The Church and Public Relations.
Perhaps they don’t make much sense together. After all, the two are not often discussed in close proximity, but rather placed firmly on either side of the sacred-secular divide.
Or they might both leave you with a sense of distaste, because one thing they do have in common is a public opinion issue (ironically, in the case of the public relations industry).
High profile stories centring around PR agencies have more-often-than-not focused on exorbitant fees (most recently in the COVID response), the protection of some questionable high profile reputations, or simply the ‘spinning’ of the facts…or alternative facts. Similarly, the Church has often hit the headlines for the wrong reasons - whether it be child abuse, financial misappropriation or simply the extreme or the wacky, sitting on the fringes of orthodoxy.
A worthwhile challenge
In our business, we straddle both worlds. We are a PR agency working with Christian businesses, charities and churches to help give voice and influence to the great work many are doing to make a difference in the world.
It can be a challenge – some may think futile – but we think it’s worth it. Because for all the negative headlines, there are also a lot of good news stories waiting to be told.
Churches around the world are making a positive contribution to society. They have been doing so for centuries, but most recently it has been highlighted during the pandemic as they have provided food, clothing, debt advice, employment support, counselling, friendship, and a place for people to explore their own spiritual journey. They are not abusing people, they are not manipulating relationships, they don’t judge and they motivated by love.
Similarly, there are PR agencies around the world who are working tirelessly to find, shape and share stories on behalf of small businesses, new products, charitable endeavours and social impact campaigns. These stories build profile that could transform an individual, a business, or even a country. They are not looking to spin the truth, they are not looking to defend the indefensible and they are not looking to make themselves rich. They are driven by the impact stories can have and making a difference.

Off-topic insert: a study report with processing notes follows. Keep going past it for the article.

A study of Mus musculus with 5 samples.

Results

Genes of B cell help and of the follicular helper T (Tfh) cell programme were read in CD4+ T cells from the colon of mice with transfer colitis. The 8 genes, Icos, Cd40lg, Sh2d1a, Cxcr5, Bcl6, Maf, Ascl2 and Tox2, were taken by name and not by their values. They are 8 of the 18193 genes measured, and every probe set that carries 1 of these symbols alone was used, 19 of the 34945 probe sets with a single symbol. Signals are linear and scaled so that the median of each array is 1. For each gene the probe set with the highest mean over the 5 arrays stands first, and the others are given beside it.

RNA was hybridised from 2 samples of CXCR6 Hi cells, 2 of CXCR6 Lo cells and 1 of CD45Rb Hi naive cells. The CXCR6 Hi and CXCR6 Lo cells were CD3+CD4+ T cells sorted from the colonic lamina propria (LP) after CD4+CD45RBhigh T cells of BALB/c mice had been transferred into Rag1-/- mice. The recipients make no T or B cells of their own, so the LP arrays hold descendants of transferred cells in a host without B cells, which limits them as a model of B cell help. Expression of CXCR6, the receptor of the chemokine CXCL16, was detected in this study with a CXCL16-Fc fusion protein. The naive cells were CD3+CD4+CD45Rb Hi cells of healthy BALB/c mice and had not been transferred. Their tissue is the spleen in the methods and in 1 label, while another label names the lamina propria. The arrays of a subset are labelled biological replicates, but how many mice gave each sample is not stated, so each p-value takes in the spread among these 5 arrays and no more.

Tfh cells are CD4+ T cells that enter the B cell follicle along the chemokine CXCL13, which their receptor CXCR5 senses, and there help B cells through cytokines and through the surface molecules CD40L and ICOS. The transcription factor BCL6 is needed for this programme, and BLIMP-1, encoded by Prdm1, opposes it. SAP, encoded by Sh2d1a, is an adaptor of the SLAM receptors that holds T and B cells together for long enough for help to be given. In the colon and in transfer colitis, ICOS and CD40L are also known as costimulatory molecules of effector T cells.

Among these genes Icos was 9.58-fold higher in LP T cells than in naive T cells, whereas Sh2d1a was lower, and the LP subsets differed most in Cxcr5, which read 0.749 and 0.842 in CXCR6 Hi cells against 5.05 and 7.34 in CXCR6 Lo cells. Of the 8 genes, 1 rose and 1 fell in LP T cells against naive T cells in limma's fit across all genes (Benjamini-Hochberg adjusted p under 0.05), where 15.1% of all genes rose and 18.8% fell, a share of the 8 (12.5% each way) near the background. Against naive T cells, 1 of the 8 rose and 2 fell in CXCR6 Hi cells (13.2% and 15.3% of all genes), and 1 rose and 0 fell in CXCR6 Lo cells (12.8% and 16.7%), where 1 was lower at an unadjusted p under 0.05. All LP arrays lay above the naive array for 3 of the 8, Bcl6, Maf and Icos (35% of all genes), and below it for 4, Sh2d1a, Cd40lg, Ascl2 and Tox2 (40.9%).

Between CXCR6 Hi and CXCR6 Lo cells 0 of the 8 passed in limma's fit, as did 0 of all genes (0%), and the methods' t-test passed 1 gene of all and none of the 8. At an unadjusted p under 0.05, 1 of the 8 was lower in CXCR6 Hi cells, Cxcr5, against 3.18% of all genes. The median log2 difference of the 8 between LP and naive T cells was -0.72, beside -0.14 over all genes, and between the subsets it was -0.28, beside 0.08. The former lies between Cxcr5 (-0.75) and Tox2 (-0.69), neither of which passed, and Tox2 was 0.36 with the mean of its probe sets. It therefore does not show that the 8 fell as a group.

At its core is an issue of trust - and trust can only be built through relationship that is based on mutual value. Both the Church and the public relations sector could blame the media for their public profile, but both must take some responsibility themselves.
Both could be accused (and I am speaking broadly, as there are no doubt many individual exceptions) of blaming the media for their poor representation, without investing time into engaging effectively with the media. PRs should know better, but often stories are sent to journalists who have no interest in the subject, or when they are on a deadline or without the relevant assets - we have certainly been guilty of this over the years. And churches have oftentimes simply avoided the media altogether. They have assumed that their words will be misrepresented or misconstrued and that raising their head above the pulpit will result in a firestorm of potential repetitional risk.
If PRs and churches invested time into understanding the media, learning what stories individual journalists focused on, and in understanding whether their story was newsworthy, it may redress the balance of negative public perceptions.
But more importantly, it will add value to the news cycle and give opportunity for stories of hope, transformation and inspiration to be shared at a time when the world around us needs good news.
Generating positive word-of-mouth communication often feels as elusive as creating the next “viral” video. It’s not something that can be created, it has to be organic. Wrong. Here are three simple steps to encouraging people to start talking about your organisation.